When we talk about endangered species, we often talk numbers.

After all, it’s important to emphasize that only around 400 North Atlantic Right Whales remain, making this species one of the most endangered large whales on the planet. But it’s also important to look at the stories behind the statistics to better connect with wildlife and build a deeper understanding of the importance of conservation.

For example, Derecha is a North Atlantic Right Whale who was first sighted in 1993 and gave birth to her fourth calf in January, 2020. Sadly, within days of being born, the calf was struck by a ship and its jaw was severed. This would make it exceedingly difficult for the calf to nurse, but North Atlantic Right Whales are resilient mammals who can sometimes recover from severe injuries.

Derecha and her calf have not been sighted since the injury, and we won’t know the calf’s fate until we spot the mother. A mother whale is highly unlikely to leave her calf, so if Derecha is spotted alone, we can presume her calf did not survive. CWF is following Derecha’s story, and others like it, and will keep you updated.

To better understand these individual life histories, our Marine Team is tracking data for the ten mother-calf pairings from the 2020 season, including previous calves, sightings, locations and updates. Population growth is slow for the North Atlantic Right Whale, so tracking mothers and their calves is important to help us understand and conserve this endangered species.

How is the mother-calf data collected?

CWF is compiling data from the North Atlantic Right Whale Catalog, operated by the New England Aquarium. This public database has sightings and photos of all identified North Atlantic Right Whales. Using aerial or boat-based surveys, researchers look for the whales and any new calves in their winter calving grounds around the U.S. states of Florida and Georgia. Sometimes, in the months leading up to the winter calving season, researchers can even tell a female is pregnant from her body condition.

Once a calf has been sighted, it’s important to keep a close eye on it for several months after its birth because this is when its callosities (unique markings) start to appear, allowing researchers to identify the whale throughout its life and keep records of its family tree and relatives.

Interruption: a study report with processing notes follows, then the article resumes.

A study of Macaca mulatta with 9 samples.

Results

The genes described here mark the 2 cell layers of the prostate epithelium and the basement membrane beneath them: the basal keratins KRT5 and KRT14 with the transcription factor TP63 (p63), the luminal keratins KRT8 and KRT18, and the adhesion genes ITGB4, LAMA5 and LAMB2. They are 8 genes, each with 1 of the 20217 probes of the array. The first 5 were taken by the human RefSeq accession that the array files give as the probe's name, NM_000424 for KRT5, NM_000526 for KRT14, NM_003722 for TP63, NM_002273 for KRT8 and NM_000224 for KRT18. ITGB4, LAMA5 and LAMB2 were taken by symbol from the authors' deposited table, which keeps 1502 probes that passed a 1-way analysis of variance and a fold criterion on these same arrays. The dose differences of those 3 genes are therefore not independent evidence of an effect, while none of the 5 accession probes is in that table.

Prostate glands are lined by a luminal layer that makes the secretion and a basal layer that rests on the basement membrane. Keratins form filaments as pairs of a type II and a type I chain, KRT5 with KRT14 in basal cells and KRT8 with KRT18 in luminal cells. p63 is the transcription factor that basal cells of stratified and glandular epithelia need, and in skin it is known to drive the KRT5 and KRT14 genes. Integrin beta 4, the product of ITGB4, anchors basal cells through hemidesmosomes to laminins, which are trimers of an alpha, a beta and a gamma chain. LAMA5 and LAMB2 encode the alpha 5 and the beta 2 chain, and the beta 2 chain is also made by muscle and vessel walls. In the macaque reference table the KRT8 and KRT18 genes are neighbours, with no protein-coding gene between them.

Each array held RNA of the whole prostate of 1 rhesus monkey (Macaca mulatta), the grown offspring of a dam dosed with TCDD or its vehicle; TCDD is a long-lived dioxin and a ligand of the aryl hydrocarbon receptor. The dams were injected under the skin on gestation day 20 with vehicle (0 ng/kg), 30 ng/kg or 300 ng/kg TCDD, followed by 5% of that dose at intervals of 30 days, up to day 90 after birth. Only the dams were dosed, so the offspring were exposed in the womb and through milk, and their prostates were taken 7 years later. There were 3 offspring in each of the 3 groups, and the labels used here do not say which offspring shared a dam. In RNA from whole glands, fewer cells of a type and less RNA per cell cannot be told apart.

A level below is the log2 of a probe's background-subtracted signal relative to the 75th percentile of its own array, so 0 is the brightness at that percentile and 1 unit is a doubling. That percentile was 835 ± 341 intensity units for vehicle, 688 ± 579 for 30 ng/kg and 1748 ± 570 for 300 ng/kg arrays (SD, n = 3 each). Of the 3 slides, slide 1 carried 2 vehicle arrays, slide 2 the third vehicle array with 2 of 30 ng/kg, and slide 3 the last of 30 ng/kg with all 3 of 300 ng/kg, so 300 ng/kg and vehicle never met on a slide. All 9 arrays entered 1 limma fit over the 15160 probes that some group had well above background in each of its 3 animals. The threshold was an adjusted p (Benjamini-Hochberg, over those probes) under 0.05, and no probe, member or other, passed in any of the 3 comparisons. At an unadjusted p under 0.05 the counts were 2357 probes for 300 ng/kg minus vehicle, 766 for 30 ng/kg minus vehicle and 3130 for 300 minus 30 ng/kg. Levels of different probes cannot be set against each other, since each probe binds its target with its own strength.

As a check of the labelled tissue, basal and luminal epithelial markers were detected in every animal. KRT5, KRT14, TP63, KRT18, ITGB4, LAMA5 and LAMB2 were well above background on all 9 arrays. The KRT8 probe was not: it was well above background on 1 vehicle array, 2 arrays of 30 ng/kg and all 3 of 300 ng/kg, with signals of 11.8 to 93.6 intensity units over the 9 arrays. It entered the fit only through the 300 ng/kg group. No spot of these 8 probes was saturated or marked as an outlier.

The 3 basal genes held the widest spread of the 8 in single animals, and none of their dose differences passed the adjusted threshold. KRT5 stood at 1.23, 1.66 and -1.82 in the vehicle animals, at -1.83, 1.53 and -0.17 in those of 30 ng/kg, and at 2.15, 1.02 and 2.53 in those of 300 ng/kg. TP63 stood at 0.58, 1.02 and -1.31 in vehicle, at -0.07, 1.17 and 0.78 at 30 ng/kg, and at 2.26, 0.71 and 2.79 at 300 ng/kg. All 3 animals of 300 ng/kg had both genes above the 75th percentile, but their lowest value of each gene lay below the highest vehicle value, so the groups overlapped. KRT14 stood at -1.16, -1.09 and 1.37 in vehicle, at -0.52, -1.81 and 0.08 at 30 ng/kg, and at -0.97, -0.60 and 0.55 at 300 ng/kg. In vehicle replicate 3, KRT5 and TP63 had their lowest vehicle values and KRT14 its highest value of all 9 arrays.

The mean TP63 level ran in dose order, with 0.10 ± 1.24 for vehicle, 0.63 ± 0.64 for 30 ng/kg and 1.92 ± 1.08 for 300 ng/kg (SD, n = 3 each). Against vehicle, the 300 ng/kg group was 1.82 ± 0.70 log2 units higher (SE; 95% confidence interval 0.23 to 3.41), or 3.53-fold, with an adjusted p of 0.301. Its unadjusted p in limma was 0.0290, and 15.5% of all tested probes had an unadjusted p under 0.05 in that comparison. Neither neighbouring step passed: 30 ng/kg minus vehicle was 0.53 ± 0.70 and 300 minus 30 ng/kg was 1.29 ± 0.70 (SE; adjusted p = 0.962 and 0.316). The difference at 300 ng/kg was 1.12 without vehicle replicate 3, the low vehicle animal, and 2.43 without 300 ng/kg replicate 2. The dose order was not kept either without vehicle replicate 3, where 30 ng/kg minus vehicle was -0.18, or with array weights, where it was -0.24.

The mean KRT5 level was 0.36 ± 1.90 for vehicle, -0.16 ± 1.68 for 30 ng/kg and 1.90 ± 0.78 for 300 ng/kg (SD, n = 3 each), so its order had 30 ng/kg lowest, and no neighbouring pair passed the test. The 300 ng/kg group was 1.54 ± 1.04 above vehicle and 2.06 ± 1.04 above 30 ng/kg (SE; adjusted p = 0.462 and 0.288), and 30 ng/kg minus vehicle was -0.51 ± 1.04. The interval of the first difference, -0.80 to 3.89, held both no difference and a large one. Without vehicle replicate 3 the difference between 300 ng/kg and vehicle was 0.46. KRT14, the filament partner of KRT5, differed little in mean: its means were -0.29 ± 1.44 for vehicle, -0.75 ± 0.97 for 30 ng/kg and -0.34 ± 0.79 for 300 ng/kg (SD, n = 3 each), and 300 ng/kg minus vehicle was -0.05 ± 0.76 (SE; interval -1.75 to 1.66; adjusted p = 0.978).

Why is population growth so slow for the North Atlantic Right Whale?

The distinctive v-shaped blow of the mother and calf North Atlantic Right Whale stands out against the steel-blue of the sea and sky. © Allan McDonald
The distinctive v-shaped blow of the mother and calf North Atlantic Right Whale stands out against the steel-blue of the sea and sky. © Allan McDonald

Females are essential to the population growth of any species. North Atlantic Right Whale moms are pregnant for a year, then nurse and raise their calf for one to two years before it’s fully weened. But the calf will remain in close proximity to its mom until it reaches sexual maturity, around the age of ten.

Unfortunately, North Atlantic Right Whales are not reproducing at a rate that is sustainable for their population. In other words, more whales are being killed than are being born. One reason for slow population growth is the disproportionate number of females to males. Of the approximately 400 individuals that remain, only around 95 are female. Another reason is the expanding birth interval. A healthy female North Atlantic Right Whale should give birth every three to four years, but that interval has increased to about every six to ten years.

Why are the females more likely to die? And why are they giving birth less often?

Supporting a pregnancy and birth requires huge stores of energy – in other words, it requires food. North Atlantic Right Whales don’t eat in their winter habitat, so they need to eat enough food during summer to survive for a year. Recently, increasing water temperatures have caused the whale’s main prey – copepods – to shift its range. This can make it difficult for females to find enough food, and therefore store enough energy, to support a pregnancy and birth.

If a female does give birth, she may be more susceptible to death from entanglement – the largest threat to North Atlantic Right Whales. Entanglement in fishing gear is painful and debilitating, restricting the whale’s ability to move, feed and reproduce. Sadly, a female who has recently given birth is less likely to have enough energy to survive the stress and exhaustion of entanglement.

Why track mother-calf pairings?

Tracking generations of North Atlantic Right Whales allows us to understand their individual life histories. And it provides insight into the health of the population and the number of new calves being born.

This data also helps us understand where mother whales are spending their time. We’ve seen a recent habitat shift, with North Atlantic Right Whales spending more time in the Gulf of St. Lawrence than ever before. Are mother whales also spending time feeding in the Gulf? If yes, this could support evidence that the Gulf of St. Lawrence is a productive food source that can provide whales with enough energy to reproduce.

Long-term, could this lead to areas of the Gulf of St. Lawrence being designated critical habitat and legally protected for North Atlantic Right Whales? We’ll have to wait and see. In the meantime, tracking mother-calf pairings is a reminder of the unique, inspiring and sometimes heartbreaking stories behind North Atlantic Right Whale statistics.

Learn more about our work on the North Atlantic Right Whale and Coasts & Oceans.